If you have not yet seen the new Parrish Art Museum from the inside, it should be high on your to-do list. The venerable institution has been reborn in a striking new home in Water Mill designed by a renowned Swiss firm. Long and deceptively low-slung in its farm field-like setting, the museum has been called “an unexpected monument” in New York magazine and “a triumph” in Architectural Record.
These are not mere esoteric or academic accolades; from the new Parrish’s early weeks, the public has responded positively, with thousands thronging the opening events and visitors continuing to arrive in solid numbers, according to Terrie Sultan, its director. The soaring interior galleries give the collection’s old favorites a new, welcome, and much-needed airing. There is room, too, for traveling exhibitions and short-term shows.
The Parrish also seems revitalized in terms of programs. This began before the doors formally opened on the 600-foot-long Herzog and de Meuron building. In recent months, talks by members of a broadly defined creative community and the compelling Parrish Road Show of site-specific installations and events this summer were well-attended and created welcome buzz.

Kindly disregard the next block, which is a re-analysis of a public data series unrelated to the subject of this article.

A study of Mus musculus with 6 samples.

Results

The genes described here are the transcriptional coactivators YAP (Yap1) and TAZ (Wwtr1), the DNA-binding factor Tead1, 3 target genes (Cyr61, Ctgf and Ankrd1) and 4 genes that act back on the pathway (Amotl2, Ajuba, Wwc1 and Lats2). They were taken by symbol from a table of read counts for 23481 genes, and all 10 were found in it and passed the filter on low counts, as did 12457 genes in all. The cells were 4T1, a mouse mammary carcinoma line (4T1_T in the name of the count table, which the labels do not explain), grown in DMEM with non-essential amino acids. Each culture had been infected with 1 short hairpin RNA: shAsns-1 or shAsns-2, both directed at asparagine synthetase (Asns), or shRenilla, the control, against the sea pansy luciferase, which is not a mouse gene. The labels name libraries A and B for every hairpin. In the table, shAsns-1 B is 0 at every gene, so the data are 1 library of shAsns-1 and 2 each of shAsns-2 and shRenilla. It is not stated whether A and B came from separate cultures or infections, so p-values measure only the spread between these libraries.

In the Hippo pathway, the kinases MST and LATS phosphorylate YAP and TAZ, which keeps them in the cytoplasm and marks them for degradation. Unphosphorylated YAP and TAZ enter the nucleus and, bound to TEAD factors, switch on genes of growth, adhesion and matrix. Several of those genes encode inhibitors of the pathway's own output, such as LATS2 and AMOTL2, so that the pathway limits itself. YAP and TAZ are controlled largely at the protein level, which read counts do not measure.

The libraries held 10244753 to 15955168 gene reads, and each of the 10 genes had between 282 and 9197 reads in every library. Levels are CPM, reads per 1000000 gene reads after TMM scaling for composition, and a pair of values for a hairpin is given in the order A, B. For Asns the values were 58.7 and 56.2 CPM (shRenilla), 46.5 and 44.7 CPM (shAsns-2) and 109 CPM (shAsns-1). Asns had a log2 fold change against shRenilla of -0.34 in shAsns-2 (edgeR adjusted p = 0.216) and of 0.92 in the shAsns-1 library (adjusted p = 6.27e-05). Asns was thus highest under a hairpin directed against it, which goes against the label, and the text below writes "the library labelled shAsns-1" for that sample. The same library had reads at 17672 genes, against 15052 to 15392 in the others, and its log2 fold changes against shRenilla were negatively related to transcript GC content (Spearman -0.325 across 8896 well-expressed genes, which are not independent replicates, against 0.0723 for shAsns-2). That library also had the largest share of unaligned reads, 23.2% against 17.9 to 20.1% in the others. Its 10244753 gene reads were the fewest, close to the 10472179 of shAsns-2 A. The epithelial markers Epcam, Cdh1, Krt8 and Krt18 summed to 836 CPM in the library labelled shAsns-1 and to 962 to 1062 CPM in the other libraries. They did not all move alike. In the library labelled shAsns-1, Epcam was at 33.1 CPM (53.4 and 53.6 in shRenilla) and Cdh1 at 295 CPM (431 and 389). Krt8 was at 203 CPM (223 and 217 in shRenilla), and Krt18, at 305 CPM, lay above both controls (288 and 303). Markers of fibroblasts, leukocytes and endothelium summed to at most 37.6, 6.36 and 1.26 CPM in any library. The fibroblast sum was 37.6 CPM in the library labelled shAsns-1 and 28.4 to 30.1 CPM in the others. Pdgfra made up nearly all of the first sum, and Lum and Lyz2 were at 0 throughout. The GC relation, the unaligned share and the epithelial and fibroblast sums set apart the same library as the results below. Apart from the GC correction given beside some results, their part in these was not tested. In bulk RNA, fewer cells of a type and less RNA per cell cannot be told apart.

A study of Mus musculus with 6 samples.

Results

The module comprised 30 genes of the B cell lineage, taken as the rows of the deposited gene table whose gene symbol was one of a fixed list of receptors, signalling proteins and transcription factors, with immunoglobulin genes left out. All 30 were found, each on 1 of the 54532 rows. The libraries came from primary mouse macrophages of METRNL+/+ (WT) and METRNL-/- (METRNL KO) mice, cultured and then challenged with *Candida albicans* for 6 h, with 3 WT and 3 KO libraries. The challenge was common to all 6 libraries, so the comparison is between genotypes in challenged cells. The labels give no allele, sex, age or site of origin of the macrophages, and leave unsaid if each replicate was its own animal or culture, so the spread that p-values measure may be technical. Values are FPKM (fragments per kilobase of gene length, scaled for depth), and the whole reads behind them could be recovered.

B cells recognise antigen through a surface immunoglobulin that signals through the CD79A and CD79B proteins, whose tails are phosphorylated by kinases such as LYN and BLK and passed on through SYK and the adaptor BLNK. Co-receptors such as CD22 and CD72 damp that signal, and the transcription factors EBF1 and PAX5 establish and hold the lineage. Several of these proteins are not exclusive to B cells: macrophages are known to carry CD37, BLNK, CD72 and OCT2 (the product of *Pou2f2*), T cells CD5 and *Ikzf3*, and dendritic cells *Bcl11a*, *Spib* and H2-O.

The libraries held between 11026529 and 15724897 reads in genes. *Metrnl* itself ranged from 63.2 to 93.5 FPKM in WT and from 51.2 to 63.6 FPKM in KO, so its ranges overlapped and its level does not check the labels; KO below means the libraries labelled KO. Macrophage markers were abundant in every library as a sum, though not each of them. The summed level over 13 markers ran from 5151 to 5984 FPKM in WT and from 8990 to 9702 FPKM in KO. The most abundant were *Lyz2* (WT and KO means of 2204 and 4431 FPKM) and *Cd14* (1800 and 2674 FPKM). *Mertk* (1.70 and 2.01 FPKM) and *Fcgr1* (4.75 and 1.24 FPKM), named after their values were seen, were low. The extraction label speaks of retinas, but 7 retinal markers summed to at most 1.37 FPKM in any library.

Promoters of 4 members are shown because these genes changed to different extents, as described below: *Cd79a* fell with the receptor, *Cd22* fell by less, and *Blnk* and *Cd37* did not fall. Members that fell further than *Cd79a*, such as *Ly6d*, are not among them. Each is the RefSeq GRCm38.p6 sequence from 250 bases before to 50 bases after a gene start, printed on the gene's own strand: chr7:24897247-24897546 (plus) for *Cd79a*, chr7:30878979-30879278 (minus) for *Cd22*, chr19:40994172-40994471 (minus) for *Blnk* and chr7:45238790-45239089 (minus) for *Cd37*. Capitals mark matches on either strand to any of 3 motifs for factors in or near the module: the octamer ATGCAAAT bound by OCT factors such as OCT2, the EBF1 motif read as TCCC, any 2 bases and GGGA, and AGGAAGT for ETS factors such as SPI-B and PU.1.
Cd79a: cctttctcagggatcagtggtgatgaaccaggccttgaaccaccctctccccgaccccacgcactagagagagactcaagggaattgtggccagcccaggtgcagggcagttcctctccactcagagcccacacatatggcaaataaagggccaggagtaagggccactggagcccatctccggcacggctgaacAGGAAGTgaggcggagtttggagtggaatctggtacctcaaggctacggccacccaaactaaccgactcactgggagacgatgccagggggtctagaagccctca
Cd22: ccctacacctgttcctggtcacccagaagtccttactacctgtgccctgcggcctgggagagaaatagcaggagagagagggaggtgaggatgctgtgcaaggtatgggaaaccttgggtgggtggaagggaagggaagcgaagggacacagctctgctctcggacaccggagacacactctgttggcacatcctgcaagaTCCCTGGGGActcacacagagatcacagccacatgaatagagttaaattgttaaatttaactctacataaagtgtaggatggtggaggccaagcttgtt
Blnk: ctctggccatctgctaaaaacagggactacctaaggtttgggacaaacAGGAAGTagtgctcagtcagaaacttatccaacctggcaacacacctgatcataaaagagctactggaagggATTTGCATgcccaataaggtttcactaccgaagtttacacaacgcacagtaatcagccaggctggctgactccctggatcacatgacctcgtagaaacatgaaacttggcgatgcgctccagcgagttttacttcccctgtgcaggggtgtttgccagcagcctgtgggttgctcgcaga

In some ways, the remarkable new structure is just a beginning, however. Its ample space and gleaming walls present opportunities for an institution that sees itself at the hub of the region’s visual arts. Where the Parrish has traditionally been strong on the South Fork painters of a century ago, its involvement in the contemporary scene has been less acclaimed. There are scores of painters, sculptors, photographers, ceramicists, and video artists living and working here now; acquiring representative examples of their best work — and making sense of it all — is the Parrish’s challenge now.